ESLSE’s hesitance to offer indicative prices delays sugar bid

The Ethiopian Sugar Corporation’s (ESC) international tender to procure 200 thousand metric tons of sugar has faced extensions owing to the failure of offering an indicative rate by the Ethiopian Shipping and Logistics Services Enterprise (ESLSE).
The state owned corporation had issued an international competitive tender on January 4 to purchase 200,000 metric tons of plantation white cane sugar, to which the deadline date for the bid was slated for Thursday February 10. However, the timeline is set to face delays owing to the state owned logistics enterprise’s failure to provide its offer to transport the cargo to the country.
As a result the bid opening date has been postponed to February 16.
Weyo Roba, CEO of ESC, whilst addressing the issue explained that the logistics giant was unable to offer its rate due to price issues which have shown high volatility at the global stage of late. He further stated that the corporation has requested a formal response from ESLSE to table its reasons for not offering an indicative price during the timeline.
“At this point I can not give any specific reason for the case since the enterprise’s response is crucial,” Weyo said, adding, “if they could not offer their rate prior to the up coming bid opening, we may put the case to the higher body to get amicable solutions.”
He told Capital that as a public enterprise the shipment is supposed to be handled by ESLSE, “due to that we have to wait for the solution.”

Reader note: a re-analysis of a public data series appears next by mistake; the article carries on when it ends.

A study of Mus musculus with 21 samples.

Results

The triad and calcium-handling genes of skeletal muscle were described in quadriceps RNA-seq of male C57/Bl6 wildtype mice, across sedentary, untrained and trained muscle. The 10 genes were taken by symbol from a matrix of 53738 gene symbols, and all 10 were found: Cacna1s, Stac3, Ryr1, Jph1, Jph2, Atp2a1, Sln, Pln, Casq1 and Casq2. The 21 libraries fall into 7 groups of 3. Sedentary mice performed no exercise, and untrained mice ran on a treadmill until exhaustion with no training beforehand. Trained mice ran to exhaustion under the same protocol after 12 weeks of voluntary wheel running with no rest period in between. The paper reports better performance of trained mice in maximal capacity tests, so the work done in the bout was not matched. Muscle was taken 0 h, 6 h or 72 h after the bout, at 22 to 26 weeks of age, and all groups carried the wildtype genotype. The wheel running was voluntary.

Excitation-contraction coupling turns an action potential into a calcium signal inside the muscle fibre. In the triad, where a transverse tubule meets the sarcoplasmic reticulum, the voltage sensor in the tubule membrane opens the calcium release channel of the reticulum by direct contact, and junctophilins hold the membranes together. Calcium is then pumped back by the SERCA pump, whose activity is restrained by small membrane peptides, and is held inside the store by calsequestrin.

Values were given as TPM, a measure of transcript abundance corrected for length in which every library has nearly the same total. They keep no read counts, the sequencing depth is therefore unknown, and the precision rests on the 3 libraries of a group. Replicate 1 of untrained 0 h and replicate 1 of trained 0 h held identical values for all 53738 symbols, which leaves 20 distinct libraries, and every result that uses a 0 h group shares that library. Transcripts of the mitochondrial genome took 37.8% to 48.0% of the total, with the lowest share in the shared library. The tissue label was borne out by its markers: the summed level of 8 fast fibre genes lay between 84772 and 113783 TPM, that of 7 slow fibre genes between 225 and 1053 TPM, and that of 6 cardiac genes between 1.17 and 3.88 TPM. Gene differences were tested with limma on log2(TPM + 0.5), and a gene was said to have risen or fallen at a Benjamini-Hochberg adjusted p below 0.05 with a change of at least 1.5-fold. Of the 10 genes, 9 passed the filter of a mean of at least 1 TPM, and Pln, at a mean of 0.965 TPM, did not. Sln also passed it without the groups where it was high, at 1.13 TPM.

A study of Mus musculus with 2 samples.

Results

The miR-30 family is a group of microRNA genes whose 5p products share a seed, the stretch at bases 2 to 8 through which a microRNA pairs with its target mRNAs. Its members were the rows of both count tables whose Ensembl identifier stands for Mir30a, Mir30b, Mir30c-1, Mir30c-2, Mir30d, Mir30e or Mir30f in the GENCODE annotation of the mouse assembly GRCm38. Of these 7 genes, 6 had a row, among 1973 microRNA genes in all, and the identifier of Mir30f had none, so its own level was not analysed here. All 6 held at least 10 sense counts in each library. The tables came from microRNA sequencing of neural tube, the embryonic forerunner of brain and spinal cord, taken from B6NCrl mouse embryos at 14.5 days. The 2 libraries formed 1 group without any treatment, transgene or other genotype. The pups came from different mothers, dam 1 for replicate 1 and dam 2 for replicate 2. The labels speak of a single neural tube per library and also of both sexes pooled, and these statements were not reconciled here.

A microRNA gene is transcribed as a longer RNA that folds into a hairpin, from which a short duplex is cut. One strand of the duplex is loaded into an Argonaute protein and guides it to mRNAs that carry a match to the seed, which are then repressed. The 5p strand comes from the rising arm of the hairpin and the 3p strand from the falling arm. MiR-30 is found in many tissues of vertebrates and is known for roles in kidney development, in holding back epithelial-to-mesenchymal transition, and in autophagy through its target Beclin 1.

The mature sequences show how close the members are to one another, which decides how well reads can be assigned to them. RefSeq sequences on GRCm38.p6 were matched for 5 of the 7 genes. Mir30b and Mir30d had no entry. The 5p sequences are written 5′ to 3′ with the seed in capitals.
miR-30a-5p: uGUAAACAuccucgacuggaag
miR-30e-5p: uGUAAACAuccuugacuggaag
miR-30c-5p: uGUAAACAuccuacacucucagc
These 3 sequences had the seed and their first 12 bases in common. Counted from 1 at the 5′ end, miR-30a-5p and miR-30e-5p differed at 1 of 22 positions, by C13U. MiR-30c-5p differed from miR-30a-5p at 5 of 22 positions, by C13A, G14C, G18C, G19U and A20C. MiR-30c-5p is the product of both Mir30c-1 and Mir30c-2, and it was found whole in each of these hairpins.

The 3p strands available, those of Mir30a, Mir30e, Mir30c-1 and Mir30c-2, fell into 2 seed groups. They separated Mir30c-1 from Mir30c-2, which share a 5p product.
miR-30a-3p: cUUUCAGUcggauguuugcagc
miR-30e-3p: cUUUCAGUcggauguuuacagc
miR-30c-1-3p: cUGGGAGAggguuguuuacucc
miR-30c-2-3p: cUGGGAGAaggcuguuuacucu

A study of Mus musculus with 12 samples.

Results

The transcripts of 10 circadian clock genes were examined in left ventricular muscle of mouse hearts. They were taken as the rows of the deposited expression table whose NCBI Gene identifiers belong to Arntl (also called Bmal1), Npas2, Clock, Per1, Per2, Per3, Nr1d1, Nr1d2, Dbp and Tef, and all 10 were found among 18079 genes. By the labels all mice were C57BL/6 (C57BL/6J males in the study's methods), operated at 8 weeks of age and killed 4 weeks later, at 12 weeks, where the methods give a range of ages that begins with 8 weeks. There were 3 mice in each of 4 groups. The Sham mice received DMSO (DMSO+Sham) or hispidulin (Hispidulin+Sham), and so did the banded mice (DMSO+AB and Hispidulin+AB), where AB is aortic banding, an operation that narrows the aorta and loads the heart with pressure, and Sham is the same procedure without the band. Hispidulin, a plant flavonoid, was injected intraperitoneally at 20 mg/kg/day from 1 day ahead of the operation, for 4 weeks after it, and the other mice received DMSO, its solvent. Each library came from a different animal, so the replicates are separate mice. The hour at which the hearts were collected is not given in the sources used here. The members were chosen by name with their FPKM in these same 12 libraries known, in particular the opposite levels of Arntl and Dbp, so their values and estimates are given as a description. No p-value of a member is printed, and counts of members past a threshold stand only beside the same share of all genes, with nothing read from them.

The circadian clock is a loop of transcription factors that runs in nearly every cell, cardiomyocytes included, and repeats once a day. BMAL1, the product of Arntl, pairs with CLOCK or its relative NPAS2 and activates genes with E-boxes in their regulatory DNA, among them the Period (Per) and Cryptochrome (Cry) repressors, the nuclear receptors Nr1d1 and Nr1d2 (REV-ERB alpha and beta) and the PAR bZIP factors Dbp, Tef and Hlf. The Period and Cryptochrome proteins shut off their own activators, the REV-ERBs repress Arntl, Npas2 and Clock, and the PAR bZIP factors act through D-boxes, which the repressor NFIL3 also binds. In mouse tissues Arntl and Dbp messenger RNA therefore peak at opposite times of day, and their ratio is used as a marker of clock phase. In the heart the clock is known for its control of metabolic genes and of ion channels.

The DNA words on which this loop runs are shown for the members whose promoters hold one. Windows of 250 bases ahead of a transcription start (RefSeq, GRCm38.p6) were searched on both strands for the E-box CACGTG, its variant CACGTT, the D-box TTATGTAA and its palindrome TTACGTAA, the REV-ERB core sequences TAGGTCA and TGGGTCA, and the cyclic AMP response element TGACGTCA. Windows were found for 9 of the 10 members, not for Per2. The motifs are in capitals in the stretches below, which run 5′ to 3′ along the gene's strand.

Regarding shipment price volatility that has been observed in the global market, Weyo reminded that in the previous similar bid which was conducted in the past budget year, ESLSE had offered its rate and within that space the international logistics price shot by 300 percent prior to transporting the cargo.
“Such kind of concern is the reason for ESLSE’s reservation. It is not a big issue and I hope we will solve the problem mutually,” the CEO explained.
Wondwossen Kassa (Chief), Deputy CEO for Shipping Sector at ESLSE, on his part said that the enterprise hesitated to offer its rate for different reasons, “initially the offer was expected to be given for ESC rather than biding companies.”
“If we give the rate for companies they would do their calculation and manipulation and submit their CFR and FOB price, which will not make us competitive,” he explained.
“Certain parameters including shipment period, shipment port, and quantity shall be specifically mentioned to offer the required and actual rate,” he added.
He told Capital that companies just asked general rates for different loading ports, “in this case we shall give indicative price that could not be put for completion and would not benefit the logistics enterprise.”
“These are our reasons for hesitating to offer the rate in this latest sugar bid,” he firmly stated.
“This is our stand. But the case shall be resolved as per the government direction,” he explained.
He recommended that the process must be carried out in such a way that bidding companies offer their price on CFR and FOB. Similarly, ESC ought to request ESLSE to offer its rate as per the parameters mentioned above.
He confirmed that the corporation asked for clarification to which ESLSE will provide its response soon.
The country annually imports up to 350,000 metric tons to address the gap. ESC is targeted to produce 413, 000 metric tons in the current budget year.
Weyo said that in the budget year the corporation planned to supply about 720,000 metric tons of sugar for consumption.
The sugar demand has been growing from time to time and it is estimated that the country’s annual sugar demand stands at 1.2 million metric tons. Thus the remaining gap is covered by other importers who have special permit from the government and those who have Franco-Valuta privileges.